YSU Faculty Union Calls for Performance Audit Before Cutting Programs
YOUNGSTOWN, Ohio — The Youngstown State University chapter of the Ohio Education Association is calling for the board of trustees to conduct a performance audit of nonacademic divisions before making cuts to academic programs and faculty positions.
In a press release Friday afternoon, the YSU-OEA stated there hasn’t been an institutional performance audit at YSU in the last 10 years, and such an audit has received support from the union and the university faculty senate.
“It is bewildering to us that the Board of Trustees has approved massive cuts that will negatively impact students’ educations here at YSU, while refusing to apply the same cost-benefit analysis that they claim is informing these cuts to the university in its entirety – including administration and athletics,” Mark Vopat, union spokesman, said in the release.
The YSU Board of Trustees voted Monday to clear the way for budget cuts across the campus that could mean future staff reductions and the elimination of a number of programs. Following a meeting Thursday, news broke that as many as 25 programs will end before the fall 2022 semester.
Associate programs in electric utility technology, medical laboratory technology, emergency medical services, dietetic technician, computer information systems, medical assisting technology, drafting and design technology, and social services technology.
Baccalaureate programs in gerontology, Italian and Italian education, manufacturing engineering, religious studies, music theory, music history and literature, family and consumer students, computer information systems, dance management, French and art history.
Master’s level programs in music history and literature, art education, American studies, interdisciplinary visual arts, gerontology and creative writing.
During a phone call Friday with The Business Journal, Vopat, a professor of philosophy at YSU, said the union had been working with the university for about two years to improve academic efficiencies. The union anticipated that programs, some “admittedly had low enrollments,” were scheduled to sunset, he allowed. Others, however, were popular among students and the community.
Gerontology, for example, is a smaller program but “very successful” and “very well regarded in the area,” with graduates going on to work in area nursing homes, he said.
However, the union feels the board is going right to cutting faculty before “putting a critical eye on their own operations,” he said. Losing faculty should be “last on the list” after considering other areas not related to academics, he said.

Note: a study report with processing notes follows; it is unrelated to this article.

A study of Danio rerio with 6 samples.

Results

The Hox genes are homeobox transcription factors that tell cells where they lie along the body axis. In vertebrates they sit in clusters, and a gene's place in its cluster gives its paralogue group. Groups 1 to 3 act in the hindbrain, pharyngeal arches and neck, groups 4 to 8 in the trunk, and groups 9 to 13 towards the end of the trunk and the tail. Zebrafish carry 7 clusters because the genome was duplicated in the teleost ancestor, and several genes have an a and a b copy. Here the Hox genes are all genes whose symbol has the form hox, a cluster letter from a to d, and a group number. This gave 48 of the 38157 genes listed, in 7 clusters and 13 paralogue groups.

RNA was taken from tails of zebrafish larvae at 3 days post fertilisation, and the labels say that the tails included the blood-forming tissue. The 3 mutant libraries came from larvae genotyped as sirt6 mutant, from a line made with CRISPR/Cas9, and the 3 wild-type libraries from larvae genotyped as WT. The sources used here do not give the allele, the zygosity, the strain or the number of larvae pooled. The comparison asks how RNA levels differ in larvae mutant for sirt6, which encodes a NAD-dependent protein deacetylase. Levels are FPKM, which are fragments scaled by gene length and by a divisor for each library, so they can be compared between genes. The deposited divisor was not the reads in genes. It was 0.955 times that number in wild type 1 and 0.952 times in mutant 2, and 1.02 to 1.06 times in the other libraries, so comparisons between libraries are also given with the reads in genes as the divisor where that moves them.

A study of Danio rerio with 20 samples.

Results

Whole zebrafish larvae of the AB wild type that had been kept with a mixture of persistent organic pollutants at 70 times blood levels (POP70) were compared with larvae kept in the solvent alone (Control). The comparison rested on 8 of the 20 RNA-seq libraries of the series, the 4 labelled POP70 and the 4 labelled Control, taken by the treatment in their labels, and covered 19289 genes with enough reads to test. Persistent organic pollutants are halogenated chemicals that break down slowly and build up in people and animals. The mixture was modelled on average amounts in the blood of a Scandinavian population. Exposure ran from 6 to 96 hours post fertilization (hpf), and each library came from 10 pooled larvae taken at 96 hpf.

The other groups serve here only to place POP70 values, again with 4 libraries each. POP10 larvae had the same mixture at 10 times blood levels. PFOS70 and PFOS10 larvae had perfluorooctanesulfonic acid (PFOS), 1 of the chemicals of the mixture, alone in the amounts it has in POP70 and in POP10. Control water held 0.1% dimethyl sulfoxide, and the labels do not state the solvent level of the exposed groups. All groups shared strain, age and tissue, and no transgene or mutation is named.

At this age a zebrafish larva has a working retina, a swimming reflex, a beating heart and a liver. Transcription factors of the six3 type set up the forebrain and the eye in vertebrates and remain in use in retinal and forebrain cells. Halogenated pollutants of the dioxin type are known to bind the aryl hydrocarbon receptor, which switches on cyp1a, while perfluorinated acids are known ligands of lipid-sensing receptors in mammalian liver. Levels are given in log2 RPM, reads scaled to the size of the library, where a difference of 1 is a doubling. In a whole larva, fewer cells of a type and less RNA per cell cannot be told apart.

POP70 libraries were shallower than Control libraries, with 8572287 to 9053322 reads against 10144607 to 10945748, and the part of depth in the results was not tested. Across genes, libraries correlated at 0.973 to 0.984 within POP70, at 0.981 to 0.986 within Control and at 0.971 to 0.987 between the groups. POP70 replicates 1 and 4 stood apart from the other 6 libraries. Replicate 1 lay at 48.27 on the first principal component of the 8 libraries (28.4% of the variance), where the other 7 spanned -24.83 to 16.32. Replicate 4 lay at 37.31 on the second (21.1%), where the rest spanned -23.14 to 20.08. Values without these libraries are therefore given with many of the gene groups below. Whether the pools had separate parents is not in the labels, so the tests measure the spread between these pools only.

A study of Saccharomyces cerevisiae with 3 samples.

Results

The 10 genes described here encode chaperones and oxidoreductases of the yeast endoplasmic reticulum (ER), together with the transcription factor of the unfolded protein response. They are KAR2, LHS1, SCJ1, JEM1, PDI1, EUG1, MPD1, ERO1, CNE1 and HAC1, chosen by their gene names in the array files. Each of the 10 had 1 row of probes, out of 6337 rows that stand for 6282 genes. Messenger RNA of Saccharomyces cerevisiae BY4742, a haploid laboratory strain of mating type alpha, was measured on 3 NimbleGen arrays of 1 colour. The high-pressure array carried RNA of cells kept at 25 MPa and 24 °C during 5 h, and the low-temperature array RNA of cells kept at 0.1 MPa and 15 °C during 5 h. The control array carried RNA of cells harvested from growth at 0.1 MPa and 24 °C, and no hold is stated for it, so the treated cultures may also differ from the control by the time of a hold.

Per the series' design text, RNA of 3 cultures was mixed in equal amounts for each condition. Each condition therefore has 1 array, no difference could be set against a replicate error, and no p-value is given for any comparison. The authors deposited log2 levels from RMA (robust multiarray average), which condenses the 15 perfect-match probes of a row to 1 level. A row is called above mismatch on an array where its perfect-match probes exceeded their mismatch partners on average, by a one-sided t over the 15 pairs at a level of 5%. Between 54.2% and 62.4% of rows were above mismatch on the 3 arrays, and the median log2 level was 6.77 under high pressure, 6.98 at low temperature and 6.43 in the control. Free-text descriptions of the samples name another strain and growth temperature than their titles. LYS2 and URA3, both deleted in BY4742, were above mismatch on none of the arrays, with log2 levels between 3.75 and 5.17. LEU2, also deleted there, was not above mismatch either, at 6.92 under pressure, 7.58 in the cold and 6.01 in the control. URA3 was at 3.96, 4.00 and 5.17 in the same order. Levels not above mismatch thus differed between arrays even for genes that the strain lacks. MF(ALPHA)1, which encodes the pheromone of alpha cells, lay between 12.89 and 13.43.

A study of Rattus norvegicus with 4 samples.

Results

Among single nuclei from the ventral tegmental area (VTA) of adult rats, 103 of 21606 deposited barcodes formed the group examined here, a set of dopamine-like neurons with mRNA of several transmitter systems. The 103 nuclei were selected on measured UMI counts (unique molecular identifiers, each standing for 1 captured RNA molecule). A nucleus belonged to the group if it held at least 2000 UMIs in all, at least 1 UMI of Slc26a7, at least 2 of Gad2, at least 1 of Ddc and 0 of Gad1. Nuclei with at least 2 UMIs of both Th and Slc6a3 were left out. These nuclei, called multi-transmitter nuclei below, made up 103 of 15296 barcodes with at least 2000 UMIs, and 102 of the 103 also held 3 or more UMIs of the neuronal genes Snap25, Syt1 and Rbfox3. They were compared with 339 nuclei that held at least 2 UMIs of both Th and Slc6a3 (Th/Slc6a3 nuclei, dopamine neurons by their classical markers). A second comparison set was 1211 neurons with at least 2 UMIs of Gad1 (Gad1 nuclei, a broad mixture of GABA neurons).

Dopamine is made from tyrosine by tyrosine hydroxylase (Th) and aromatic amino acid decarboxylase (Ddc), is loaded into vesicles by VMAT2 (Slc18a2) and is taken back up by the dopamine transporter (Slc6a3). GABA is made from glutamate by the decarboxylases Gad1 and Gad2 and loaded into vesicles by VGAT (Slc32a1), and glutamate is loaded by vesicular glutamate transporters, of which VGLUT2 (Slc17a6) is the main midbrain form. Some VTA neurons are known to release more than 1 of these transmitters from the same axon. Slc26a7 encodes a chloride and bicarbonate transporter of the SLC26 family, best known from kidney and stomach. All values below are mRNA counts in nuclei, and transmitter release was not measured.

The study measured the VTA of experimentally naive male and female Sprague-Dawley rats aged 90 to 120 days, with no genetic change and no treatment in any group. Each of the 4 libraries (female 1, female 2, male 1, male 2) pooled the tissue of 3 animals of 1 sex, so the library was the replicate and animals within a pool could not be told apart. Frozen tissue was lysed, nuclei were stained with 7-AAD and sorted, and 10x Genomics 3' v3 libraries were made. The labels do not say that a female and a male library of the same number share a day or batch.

In the next year, YSU looks to increase athletic expenses by $885,000 and is adding three new Division I athletic programs. “At the same time, they’re letting go faculty and closing down programs,” he said.
The YSU athletic budget is $13,835,644, of which each student pays about $1,000 annually – about 10% of their tuition, he said.
After Monday’s trustees meeting, Brien Smith, provost and vice president of academic affairs, said it’s his objective to realize “millions of dollars” in cuts by the fall semester of 2022.
“Maybe less than five million, but certainly millions of dollars in reductions,” Smith said.
Vopat argues it’s hard to justify the increase in Division I athletics “when you’re claiming we have a budget crisis,” one that will likely continue as demographic changes in the region result in fewer college applicants each year, he said. It calls into question the primary purpose of the university, he said.
“If it’s not to teach, I don’t know what the hell we’re doing here,” he said.
Additionally, the board approved raises of up to 10% for some administrators and created additional administrative positions, according to the release.
In its release, the YSU-OEA states YSU has lost 42 faculty to resignations and retirements since last year, 25 of whom took a separation incentive offered by university administration, equating to a $2 million cut on faculty, offsetting $2 million of YSU’s tuition losses. The union argues that faculty, who comprise 25% of the total budget, “are being asked to shoulder a disproportionate share of the budget deficit caused partly by mismanagement of funds and increased spending on nonacademic units.”
“It’s often said that budgets reveal values, and it’s both troubling and telling that this administration cuts the academic division to remedy a deficit of its own making,” Vopat stated in the release. “These cuts will increase student to faculty ratios (in general and in the classroom), hurt the overall quality of a YSU education, and ultimately make the university less attractive to future students.”
In the university’s 2022 budget, academic excellence and support will take a 2% cut, while other programs see year-over-year increases, including student success and student experience (6.5%), institutional support (15.2%), plant operation and maintenance (3.7%) and intercollegiate athletics (6.8%).
Attempts to connect with members of YSU administration during the day were unsuccessful.
Copyright 2021 The Business Journal, Youngstown, Ohio.